Ex-leader: I was forced to marry woman member I did not love
The Straits Times (Singapore), 12 July 1997.
By Tan Ool Boon
A founder of the Central Christian Church said yesterday that the church had tried to match-make him with a woman member even though he had said repeatedly he was not attracted to her.
The church’s leaders surrounded him and scolded him for being stubborn and proud, said Mr. Daniel Eng, 35, whom the church knew had homosexual tendencies.
He was also chastised by the church’s lead evangelist John Philip Louis when he “did not spend enough time” with other woman members.
Mr. Eng, who is the key defense witness, cited these examples to support his evidence that the church controlled even the private lives of its members. He was being questioned for the first time yesterday by Mr. Louis’ lawyer, Mr. Cheong Yuen Hee. Mr. Louis is suing the editors of The New Paper, Lianhe Wanbao and the Christian magazine Impact for labeling his church “a cult.”
Mr. Eng said his dating game started in 1987 after he was introduced to a woman named Susan while he was visiting an affiliated church in Sydney. He liked Susan and dated her a few times. But he added: “They then replaced her with Agnes and I was supposed to date Agnes.”
Susan did not tell him why she stopped seeing him but he recalled being told by church leaders that she “rejected” him. After that, they began to pressure him to date Agnes, who was his former assistant. He said: “So I gave in and I dated her. I also tried to spend time with her.”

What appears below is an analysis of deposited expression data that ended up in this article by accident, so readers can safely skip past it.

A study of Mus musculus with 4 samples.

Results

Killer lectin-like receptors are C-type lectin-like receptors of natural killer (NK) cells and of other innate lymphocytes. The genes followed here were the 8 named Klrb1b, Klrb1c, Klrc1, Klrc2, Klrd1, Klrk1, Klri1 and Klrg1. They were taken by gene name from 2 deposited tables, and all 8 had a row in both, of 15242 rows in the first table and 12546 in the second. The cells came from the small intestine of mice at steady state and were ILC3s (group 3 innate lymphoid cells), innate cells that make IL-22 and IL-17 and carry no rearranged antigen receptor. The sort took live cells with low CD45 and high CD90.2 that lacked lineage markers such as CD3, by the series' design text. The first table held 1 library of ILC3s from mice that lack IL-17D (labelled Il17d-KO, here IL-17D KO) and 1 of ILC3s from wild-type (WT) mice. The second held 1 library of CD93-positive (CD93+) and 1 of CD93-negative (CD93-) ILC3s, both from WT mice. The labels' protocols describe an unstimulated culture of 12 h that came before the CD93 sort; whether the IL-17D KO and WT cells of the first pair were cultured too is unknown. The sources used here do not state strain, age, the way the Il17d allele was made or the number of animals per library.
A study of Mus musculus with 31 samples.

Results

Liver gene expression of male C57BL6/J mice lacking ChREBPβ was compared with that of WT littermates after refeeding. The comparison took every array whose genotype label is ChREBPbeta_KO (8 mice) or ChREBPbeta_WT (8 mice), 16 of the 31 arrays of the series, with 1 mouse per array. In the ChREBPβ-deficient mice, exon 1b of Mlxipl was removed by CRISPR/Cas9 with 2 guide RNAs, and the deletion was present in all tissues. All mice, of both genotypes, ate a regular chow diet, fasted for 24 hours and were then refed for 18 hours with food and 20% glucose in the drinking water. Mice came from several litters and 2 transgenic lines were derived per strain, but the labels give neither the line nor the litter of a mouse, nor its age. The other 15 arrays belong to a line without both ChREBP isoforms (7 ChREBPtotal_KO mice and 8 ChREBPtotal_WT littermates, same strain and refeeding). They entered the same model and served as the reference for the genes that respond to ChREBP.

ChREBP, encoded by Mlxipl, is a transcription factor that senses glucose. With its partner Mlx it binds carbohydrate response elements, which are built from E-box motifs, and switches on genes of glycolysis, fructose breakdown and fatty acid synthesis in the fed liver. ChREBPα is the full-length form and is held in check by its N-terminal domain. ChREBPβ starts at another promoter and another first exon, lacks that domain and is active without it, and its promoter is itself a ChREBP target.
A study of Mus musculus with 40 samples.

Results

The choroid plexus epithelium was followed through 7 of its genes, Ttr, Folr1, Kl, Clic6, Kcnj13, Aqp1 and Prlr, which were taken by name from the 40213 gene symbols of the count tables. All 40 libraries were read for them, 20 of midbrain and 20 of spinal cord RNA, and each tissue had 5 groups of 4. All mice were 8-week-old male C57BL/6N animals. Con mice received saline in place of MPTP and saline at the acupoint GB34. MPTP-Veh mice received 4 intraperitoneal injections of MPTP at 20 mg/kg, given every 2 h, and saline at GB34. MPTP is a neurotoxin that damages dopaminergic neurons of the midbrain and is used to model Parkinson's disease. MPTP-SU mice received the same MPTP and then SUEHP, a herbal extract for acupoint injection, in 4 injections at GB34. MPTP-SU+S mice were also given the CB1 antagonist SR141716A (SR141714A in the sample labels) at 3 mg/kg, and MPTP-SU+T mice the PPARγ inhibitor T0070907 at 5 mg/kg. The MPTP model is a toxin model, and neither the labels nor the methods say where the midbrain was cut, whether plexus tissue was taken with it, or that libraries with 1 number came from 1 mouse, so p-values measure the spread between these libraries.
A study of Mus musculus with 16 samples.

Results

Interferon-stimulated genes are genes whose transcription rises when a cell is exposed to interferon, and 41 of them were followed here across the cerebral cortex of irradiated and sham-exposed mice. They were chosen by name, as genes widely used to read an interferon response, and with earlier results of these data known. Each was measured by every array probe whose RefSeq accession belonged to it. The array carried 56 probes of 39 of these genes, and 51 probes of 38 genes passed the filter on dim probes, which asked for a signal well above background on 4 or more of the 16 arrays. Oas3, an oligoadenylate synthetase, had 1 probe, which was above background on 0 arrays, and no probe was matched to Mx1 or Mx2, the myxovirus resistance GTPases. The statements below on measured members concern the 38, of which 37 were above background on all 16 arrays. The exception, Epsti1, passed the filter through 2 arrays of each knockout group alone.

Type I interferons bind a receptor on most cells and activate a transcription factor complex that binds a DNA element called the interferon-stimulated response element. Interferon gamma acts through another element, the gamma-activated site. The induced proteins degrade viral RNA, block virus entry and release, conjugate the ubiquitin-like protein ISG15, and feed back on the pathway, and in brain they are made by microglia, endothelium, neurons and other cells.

He noted that Agnes was a “good and sincere” woman but he was “just not attracted to her.” He said: “They wanted me to fall in love with her. I was going out with her but I could not help it if I cannot fall in love with Agnes.” The leaders then began to accuse him of being proud.
Once, after repeated refusals to marry Agnes, he said the top leaders of the church surrounded him in a circle and chastised him. He said: “They said to me ‘You are proud. You don’t know what love is. We have decided that she is the right one for you. Why are you so stubborn?'” He finally gave in, but the marriage fell through because Mr. Louis was “not sure whether this was a good idea.”
Apart from dating and marriage, Mr. Eng also maintained that the church controlled the married members’ sex lives, by determining “the position and frequency of sex.”
This prompted Mr. Cheong to ask: “How does the church intend to find out whether this is carried out by the members?” Mr. Eng replied that the members were expected to tell the leaders, who watched over them.
Mr. Cheong’s line of argument was that Mr. Eng had fabricated his evidence. The church, said the lawyer, did not arrange marriages or control its members’ sex lives.
The hearing before Justice Warren Khoo was adjourned to Monday.